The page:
Sunday Week in Review

/ posted in: Reading

Books Posted This Week

Fairest by Marissa Meyer – See the series from the evil Queen Levana’s point of view

The Inconvenient Indian by Thomas King – Essays on what it means to be Native American in North America

Harry Potter World pictures

Received This Week

 

I received this Valentine’s Day package from Lost in Literature. Thanks!

Coming Up This Week

 

African American Read-a-thon

“There’s no minimum or maximum to read here. This should be fun! Up for reading are any books authored by people of African heritage/decent. This includes African American authors and other who may identify as being Black without being American. All genres count! YA, MG, Adult, Fiction, Nonfiction, etc.” from Becoming Books

I’m hopefully going to be reviewing three books during this time.  Or, reviewing two and finishing the last one.  You know how it is.

The Book Bloggers Love-a-Thon

“The Book Blogger Love-a-Thon is an event dedicated to spreading the love for blogs + bloggers! It’s time dedicated to exploring the blogging community, leaving a comment or two, meeting new friends and fostering positivity among the bloggers of the community. The event includes an introduction post, mini challenges, Twitter chats and a giveaway! The full schedule will be sent to the participants after they sign up.”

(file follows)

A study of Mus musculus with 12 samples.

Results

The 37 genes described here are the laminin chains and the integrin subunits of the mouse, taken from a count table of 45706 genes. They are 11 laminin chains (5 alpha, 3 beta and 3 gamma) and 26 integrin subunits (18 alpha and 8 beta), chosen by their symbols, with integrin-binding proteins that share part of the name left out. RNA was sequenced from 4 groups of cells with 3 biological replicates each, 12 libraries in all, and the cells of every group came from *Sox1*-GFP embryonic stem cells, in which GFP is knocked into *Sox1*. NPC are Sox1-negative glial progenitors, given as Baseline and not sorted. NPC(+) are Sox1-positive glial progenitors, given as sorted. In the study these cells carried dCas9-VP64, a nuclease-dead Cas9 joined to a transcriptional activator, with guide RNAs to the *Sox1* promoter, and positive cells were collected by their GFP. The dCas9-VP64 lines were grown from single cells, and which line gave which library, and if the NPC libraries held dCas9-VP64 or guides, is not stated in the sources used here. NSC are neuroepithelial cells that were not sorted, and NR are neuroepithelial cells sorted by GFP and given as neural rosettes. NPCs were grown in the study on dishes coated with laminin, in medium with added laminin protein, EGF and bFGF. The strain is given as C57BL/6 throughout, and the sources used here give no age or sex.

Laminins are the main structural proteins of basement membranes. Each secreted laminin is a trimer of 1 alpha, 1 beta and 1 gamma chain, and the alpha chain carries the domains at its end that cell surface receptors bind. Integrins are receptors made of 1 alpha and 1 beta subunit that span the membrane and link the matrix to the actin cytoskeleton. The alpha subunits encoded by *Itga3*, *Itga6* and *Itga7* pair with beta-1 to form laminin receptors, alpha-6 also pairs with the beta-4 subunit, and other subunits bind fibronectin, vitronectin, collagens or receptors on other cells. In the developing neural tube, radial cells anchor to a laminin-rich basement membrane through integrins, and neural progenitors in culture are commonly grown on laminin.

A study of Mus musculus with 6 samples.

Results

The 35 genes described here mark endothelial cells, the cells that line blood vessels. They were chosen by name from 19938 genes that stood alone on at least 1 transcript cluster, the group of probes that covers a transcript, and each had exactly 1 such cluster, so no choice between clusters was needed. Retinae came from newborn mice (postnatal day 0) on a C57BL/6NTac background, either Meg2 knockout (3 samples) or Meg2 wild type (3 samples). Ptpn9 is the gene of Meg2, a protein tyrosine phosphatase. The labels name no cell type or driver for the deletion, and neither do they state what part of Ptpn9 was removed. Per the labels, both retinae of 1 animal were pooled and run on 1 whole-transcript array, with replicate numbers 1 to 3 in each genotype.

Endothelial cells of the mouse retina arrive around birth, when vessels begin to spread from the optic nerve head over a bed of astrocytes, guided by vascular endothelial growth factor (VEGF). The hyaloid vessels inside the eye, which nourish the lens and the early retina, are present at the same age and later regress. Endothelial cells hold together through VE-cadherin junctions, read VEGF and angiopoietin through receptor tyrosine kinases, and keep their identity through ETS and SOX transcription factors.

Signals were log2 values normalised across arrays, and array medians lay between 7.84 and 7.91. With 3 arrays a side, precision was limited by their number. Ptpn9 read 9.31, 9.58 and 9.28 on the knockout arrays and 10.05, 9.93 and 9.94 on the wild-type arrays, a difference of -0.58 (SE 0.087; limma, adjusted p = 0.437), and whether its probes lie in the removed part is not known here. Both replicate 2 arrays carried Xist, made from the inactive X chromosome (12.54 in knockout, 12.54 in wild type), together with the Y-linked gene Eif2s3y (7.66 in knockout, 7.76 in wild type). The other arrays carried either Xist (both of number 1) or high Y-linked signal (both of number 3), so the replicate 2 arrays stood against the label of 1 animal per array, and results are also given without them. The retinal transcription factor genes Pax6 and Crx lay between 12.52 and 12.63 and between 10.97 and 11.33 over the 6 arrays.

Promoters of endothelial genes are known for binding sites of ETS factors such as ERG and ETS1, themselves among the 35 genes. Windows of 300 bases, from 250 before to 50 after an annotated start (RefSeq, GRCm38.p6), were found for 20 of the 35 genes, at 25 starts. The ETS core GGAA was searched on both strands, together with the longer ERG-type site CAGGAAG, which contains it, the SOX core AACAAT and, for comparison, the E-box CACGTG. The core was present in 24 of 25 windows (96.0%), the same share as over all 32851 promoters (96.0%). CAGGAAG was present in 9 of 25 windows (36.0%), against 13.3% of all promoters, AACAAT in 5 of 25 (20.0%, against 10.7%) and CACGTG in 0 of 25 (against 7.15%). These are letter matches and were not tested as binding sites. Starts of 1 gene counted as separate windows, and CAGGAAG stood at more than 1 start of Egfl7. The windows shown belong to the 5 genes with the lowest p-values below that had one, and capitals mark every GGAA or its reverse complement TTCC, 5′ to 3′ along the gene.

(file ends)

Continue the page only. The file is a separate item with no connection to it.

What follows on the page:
Sign up here.


 Listening To This Week

The Witch With No Name (The Hollows, #13)The Witch With No Name by Kim Harrison

Rachel Morgan’s come a long way from the clutzy runner of Dead Witch Walking. She’s faced vampires and werewolves, banshees, witches, and soul-eating demons. She’s crossed worlds, channeled gods, and accepted her place as a day-walking demon. She’s lost friends and lovers and family, and an old enemy has become something much more.

But power demands responsibility, and world-changers must always pay a price. That time is now.

Reading This Week

 

A Chosen Exile: A History of Racial Passing in AmericaA Chosen Exile: A History of Racial Passing in America by Allyson Hobbs

Between the eighteenth and mid-twentieth centuries, countless African Americans passed as white, leaving behind families and friends, roots and community. It was, as Allyson Hobbs writes, a chosen exile, a separation from one racial identity and the leap into another. This revelatory history of passing explores the possibilities and challenges that racial indeterminacy presented to men and women living in a country obsessed with racial distinctions. It also tells a tale of loss.

 

Around the Web

How to do a book review – What do you think?  What do you like to read in a review?

Why Americans don’t read foreign fiction – I’m finding lots of good books in translation but it takes some searching.